Pretibial Myxedema: Can A Natural Treatment Approach Help?
Published March 28 2016
Pretibial myxedema is a type of skin disorder that occurs in autoimmune thyroid conditions. It is more common in Graves’ Disease, although it can occur in Hashimoto’s Thyroiditis as well (1). It is frequently associated with thyroid eye disease, and is usually characterized by very high levels of TSH receptor antibodies.
With regards to the actual skin lesions, these usually are mild and don’t cause any symptoms. Topical corticosteroids are sometimes prescribed, and while they might help at times, these drugs don’t do anything for the actual cause of the condition. It seems that pretibial myxedema is due to an accumulation of something called glycosaminoglycans in the reticular dermis (2), which is a deeper layer of the skin.
Association with Thyroid Acropachy
Thyroid acropachy is rare, and this condition usually presents with clubbing and swelling of the hand and fingers, along with periosteal reaction (new bone formation) of the extremities (3). Acropachy is mostly associated with pretibial myxedema and ophthalmopathy, and it can occur in both autoimmune hypothyroid and autoimmune hyperthyroid conditions (3). Usually patients will develop eye symptoms first, followed by pretibial myxedema, and finally acropachy (3) (4). Although it might be confused with pretibial myxedema, acropachy usually is characterized by more prominent swelling.
The conventional medical approach involves using either corticosteroids, or systemic immunosuppressive therapy. Once again, these don’t do anything to address the underlying cause of the problem. And so the goal should be to remove the autoimmune trigger and eliminate the inflammatory process.
Incidence In Hashimoto’s Thyroiditis
Although pretibial myxedema is more commonly seen in people with Graves’ Disease, occasionally it is seen in those with Hashimoto’s Thyroiditis. Keep in mind that while Hashimoto’s Thyroiditis is characterized by elevated thyroglobulin antibodies and/or thyroid peroxidase antibodies, some people with Hashimoto’s Thyroiditis also have TSH receptor antibodies. For example, one case study involving a 58-year old woman with Hashimoto’s Thyroiditis who had pretibial myxedema also showed that she had elevated TSH receptor antibodies (5). Another case study involved an 80-year old woman with Hashimoto’s and pretibial myxedema, but she also tested positive for TSH receptor antibodies (6). I came across yet another case report involving someone with Hashimoto’s and pretibial myxedema, and while the test for TSH receptor antibodies couldn’t be done, she has the exophthalmos commonly associated with Graves ophthalmopathy (7).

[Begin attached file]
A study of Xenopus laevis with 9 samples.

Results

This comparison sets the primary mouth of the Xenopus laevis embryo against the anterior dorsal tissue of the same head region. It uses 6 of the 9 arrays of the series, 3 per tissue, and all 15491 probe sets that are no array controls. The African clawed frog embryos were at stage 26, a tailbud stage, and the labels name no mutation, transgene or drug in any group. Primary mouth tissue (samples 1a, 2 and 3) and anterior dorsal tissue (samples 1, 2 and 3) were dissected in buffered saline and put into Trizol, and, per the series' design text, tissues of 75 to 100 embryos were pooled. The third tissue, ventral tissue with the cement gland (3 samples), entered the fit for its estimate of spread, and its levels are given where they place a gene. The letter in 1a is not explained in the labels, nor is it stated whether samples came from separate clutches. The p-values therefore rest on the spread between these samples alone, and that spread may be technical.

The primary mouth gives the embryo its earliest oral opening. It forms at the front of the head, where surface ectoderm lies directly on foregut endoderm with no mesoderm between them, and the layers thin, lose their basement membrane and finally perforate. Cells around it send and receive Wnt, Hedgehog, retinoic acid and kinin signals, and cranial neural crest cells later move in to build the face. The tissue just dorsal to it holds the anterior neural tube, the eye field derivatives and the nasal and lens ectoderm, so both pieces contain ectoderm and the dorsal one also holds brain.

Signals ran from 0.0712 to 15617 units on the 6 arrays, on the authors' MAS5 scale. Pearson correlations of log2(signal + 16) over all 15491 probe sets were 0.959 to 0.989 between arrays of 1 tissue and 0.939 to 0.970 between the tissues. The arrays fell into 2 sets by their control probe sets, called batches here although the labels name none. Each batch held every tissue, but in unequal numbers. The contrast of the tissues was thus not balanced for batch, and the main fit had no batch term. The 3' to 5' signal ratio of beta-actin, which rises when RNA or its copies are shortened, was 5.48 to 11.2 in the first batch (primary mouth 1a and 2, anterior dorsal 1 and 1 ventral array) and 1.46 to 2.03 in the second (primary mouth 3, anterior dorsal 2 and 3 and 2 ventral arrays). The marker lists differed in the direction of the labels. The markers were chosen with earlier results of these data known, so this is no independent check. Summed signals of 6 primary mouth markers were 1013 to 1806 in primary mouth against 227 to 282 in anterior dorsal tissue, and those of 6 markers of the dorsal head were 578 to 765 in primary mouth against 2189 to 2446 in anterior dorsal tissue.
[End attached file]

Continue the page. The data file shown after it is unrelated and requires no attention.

The Goal Is To Address The Autoimmune Response
Pretibial myxedema frequently resolves spontaneously. However, when someone has Graves’ Disease, with or without pretibial myxedema, the goal should be to address the autoimmune component. As I briefly mentioned earlier, this involves detecting and then removing the autoimmune trigger, and taking steps to eliminate the inflammation. I’ve discussed this in other articles, along with some of my free webinars I offer to the public. However, I would definitely make sure you read the posts “The Role of Cytokines In Autoimmune Thyroid Conditions” and “Regulatory T Cells and Thyroid Autoimmunity“. Removing the trigger and getting rid of the inflammation not only can help with pretibial myxedema, along with other skin conditions, but it can also help with Graves’ ophthalmopathy and thyroid acropachy.
In summary, pretibial myxedema is a type of skin condition that is commonly see in Graves’ Disease, although it can also occur in Hashimoto’s Thyroiditis. Pretibial myxedema is due to an accumulation of something called glycosaminoglycans in the deeper layers of the skin. Conventional treatment usually involves corticosteroids, but from a natural treatment perspective the goal should be to restore the health of the immune system by detecting and removing the autoimmune trigger, as well as reducing the inflammation.